Rupert Sanderson is a British luxury shoe designer. After resigning from the world of advertising, Sanderson honed his shoe design skills at London’s Cordwainers College before working under Sergio Rossi and Bruno Magli in Italy. In 2001, he launched his eponymous collection and went on to take home the British Fashion Council’s accessory designer of the year award, pen his own fashion column for British Vogue, and design the shoes for Karl Lagerfeld’s main catwalk collections to this day. Known for his meticulous detail and simplicity, Sanderson counts Keira Knightley, Kate Moss, Emma Watson and Kate Middleton among his loyal celebrity fan base.
You launched your namesake line in 2001. How has it evolved since then?
I launched e-commerce in 2006 and opened my first store in Bruton Place in 2008. Since then, I have opened a second store in London, one in Paris, and two in Hong Kong. As my business continues to grow fast, opening additional stores in multiple areas of the world is currently in the pipeline.
What did you learn from working at Sergio Rossi and Bruno Magli? How does it currently influence your collections?
Working for Sergio and Bruno was a template for running a shoe business the Italian family way. It introduced me to the wonderful suppliers and artisans that I still work with today.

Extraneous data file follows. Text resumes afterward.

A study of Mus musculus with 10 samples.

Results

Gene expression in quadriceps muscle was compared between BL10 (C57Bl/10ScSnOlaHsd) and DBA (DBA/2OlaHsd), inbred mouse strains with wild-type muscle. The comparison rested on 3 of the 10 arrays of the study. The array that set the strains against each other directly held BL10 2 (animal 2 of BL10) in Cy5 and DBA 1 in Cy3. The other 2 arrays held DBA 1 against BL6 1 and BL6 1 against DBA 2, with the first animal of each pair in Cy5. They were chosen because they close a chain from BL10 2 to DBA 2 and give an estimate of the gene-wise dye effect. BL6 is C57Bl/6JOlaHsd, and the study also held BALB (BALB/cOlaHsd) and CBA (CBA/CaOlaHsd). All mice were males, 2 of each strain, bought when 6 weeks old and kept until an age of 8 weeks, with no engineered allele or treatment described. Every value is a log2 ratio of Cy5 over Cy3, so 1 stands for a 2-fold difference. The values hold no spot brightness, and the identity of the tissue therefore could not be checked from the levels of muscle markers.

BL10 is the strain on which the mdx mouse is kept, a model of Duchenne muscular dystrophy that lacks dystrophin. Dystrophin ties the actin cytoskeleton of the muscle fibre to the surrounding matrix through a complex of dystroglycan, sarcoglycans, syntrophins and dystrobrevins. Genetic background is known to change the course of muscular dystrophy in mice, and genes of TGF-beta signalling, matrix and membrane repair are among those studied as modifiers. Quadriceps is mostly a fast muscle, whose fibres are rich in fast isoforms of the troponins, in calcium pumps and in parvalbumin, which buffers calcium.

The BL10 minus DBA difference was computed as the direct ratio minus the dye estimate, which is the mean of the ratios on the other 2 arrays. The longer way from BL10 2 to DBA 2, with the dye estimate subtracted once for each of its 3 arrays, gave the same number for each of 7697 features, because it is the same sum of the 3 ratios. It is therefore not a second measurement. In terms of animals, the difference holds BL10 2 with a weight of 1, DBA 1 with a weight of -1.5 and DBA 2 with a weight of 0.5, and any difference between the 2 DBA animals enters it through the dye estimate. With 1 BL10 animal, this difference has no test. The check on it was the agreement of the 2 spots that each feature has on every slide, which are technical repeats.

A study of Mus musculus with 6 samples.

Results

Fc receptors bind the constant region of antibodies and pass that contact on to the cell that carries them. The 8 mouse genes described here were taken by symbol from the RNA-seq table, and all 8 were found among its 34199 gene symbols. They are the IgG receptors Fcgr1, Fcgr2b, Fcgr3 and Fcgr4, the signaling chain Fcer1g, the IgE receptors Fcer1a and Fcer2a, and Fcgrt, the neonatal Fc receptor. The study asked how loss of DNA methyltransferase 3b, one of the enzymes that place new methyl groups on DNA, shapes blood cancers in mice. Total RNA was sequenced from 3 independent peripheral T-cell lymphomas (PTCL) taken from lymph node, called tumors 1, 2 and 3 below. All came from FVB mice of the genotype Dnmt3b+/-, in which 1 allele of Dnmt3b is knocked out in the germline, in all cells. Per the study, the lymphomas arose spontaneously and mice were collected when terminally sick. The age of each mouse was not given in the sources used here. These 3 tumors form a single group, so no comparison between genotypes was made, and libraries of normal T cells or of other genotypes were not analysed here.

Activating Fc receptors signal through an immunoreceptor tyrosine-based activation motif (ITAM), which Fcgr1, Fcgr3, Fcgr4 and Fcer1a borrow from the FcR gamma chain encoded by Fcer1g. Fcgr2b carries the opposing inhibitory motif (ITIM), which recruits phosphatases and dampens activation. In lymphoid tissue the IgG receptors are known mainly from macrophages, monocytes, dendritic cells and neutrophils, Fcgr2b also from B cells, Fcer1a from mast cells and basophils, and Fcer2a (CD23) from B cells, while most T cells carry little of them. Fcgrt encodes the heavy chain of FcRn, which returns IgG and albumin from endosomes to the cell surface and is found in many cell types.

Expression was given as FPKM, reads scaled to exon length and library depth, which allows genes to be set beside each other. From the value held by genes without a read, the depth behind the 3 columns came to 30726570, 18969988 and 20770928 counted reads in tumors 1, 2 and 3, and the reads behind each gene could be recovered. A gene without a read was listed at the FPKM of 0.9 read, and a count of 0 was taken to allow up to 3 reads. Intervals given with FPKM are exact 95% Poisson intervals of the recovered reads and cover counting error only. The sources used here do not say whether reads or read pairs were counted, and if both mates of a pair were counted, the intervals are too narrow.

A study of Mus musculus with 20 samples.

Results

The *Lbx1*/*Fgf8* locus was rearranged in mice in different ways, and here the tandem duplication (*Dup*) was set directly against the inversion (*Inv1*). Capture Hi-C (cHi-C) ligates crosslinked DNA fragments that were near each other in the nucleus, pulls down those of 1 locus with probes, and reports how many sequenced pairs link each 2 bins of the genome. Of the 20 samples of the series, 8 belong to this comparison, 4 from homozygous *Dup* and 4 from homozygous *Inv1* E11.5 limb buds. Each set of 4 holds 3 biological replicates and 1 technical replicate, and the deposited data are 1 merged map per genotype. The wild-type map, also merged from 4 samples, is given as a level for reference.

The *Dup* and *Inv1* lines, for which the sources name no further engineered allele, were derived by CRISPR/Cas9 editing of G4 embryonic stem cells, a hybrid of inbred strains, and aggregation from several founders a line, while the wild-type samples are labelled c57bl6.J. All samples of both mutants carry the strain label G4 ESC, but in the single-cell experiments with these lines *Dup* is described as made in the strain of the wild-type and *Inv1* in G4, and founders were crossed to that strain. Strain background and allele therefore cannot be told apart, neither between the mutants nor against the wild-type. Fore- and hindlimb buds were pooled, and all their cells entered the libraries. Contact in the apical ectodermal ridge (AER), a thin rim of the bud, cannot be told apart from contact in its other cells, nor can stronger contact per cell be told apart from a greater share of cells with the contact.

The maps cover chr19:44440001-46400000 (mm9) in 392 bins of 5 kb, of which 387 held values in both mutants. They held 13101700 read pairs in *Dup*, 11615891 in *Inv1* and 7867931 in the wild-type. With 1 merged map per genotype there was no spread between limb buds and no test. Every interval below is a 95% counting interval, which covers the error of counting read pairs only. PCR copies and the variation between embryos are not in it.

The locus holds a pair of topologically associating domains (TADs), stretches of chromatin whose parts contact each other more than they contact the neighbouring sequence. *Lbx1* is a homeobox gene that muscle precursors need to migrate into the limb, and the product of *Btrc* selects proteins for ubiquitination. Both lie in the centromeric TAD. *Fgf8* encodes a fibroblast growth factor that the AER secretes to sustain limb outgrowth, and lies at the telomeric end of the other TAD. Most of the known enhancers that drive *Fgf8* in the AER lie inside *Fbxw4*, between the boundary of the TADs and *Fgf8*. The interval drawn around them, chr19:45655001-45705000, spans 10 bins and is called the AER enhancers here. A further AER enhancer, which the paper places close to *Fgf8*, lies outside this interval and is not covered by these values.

You do the shoes for Karl Lagerfeld’s main line collection. What’s it like working with him?
Wonderful and exhilarating all at the same time!
Why do you think the UK produces so many interesting shoe designers?
Because we haven’t got any responsibilities to the manufacturing industry – this allows us to be creative.
Shoes are very personal for women and an investment purchases for many. How do you tap into this when designing each season?
My designs intend to provide ultimate flattery to the female foot. I have a series of signature “investment” styles that I rework each season – such as Elba, which offers a certain strictness and timeless elegance.
Do you have a muse or a woman in mind when thinking about new styles?
I find it doesn’t help me thinking about a single woman.
Shoes can easily become mini pieces of art. How do you balance the function with the details of your designs?
This perpetual challenge is the joy of shoe making – walking that thin line between form and function.
What defines a Rupert Sanderson shoe?
My design ethos is ‘less is more.’ I design classic pieces with a hint of wit and concentrate on dressing the foot using the most flattering lines, silhouettes and materials.